Tech Talk: Digging for Gold with Sebastian Otarola Silva, Technology Adviser
Some time ago, our brilliant Technology Adviser Sebastian had a tech talk about how you go from "abstract" to "tangible", a deep dive into products that ended up winning international awards and recognition. Here are three important ways on how to use familiar tools in unconventional ways from the tech talk - to find glimmering nuggets in piles of dirt.
Moments of Delight
Identifying moments of delight is probably the most difficult part of product development. Sometimes they can be found through data analysis/tracking and sometimes just through pure luck. One way to find them (that I think is the most fun and cost-efficient way of doing so) is by simply observing your users when they interact with your product. Without telling them anything about the product let them try out your product/prototype/mockup or whatever, let them explore it, and watch their facial expressions. If they frown - that’s a sign of a pain point waiting to get solved. If they smile - that's a moment of delight that you want to capitalize on and dial-up. That’s the experience they’ll leave your product with. Frown = bad product. Smile = good product.
There is no reason why you should spend time re-inventing the wheel. Someone has already done the hard job and figured that out. Use what’s around you in the ecosystem so you can focus on your secret sauce. A menu is a menu, navigation patterns are already established - use that to your advantage and sparkle your own touch on top of that.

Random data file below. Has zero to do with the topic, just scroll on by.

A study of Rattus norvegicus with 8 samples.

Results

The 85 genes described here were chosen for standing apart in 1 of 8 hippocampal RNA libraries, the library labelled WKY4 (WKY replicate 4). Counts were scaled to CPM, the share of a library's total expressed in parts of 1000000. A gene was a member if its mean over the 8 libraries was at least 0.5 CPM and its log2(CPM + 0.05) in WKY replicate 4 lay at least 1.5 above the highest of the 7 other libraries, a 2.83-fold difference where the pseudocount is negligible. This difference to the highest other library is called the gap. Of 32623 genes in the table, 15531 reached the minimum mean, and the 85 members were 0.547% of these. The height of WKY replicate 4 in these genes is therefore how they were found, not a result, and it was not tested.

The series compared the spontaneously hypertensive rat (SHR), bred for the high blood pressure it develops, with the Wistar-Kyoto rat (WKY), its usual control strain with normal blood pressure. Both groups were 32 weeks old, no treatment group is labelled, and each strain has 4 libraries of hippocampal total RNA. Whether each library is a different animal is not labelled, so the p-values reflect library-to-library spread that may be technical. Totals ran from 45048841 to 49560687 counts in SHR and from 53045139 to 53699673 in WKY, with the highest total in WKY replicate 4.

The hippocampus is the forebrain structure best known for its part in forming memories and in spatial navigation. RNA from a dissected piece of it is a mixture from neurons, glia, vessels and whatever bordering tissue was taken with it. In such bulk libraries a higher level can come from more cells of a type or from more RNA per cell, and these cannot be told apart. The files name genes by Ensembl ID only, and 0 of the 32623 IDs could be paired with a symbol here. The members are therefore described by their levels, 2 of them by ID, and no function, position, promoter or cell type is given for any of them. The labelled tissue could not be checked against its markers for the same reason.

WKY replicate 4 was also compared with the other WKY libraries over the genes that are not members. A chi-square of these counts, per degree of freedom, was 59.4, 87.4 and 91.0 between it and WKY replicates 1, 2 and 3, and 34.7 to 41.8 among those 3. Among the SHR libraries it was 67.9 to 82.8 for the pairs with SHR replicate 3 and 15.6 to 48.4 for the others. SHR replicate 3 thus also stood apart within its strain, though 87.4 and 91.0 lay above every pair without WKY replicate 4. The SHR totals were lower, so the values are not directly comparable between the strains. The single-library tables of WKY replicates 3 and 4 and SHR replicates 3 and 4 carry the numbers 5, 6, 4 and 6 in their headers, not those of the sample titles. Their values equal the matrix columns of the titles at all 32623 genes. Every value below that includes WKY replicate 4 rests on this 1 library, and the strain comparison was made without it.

This will free up tons of resources in terms of technology and design time. The time that you should use to create the secret sauce of your product. The journey is long and hard as it is, and I can assure you that your product will morph over time so the initial things you stole to get off the ground will be barely recognizable.
Whatever makes the point.
Figure out the best way to communicate the vision of your product. Don’t get stuck on creating piles of slides for a presentation. Nobody in the world wants more slides to view - I can assure you of that. If you have an 80 slide deck - trim it down to 8 or 5 slides. And IF you can’t get away from an 80 slide deck - figure out a way to communicate that in a more digestible way. From experience (and the way me and my partner Johans have done it) invest time in creating an interactive prototype with no-code-tools. And have a few slides as anchor points (describing business opportunities instead). We’ve had a 95% success rate on pitching interactive prototypes. A prototype leads to better discussions - since you have something to touch, feel and gather around that is “alive” and “real” instead of static slides.
Sebastian Otarola Silva, Technology Adviser in Minc, tinkerer and builder of things. CTO at Tengai.ai, Former Head of Innovation at NORD DDB, and Creative Director at Starcounter. Built prototypes, MVP's and products for companies as SVT (Musikhjälpen), McDonalds, Klarna, Samsung, Elgiganten, 7-eleven, + more.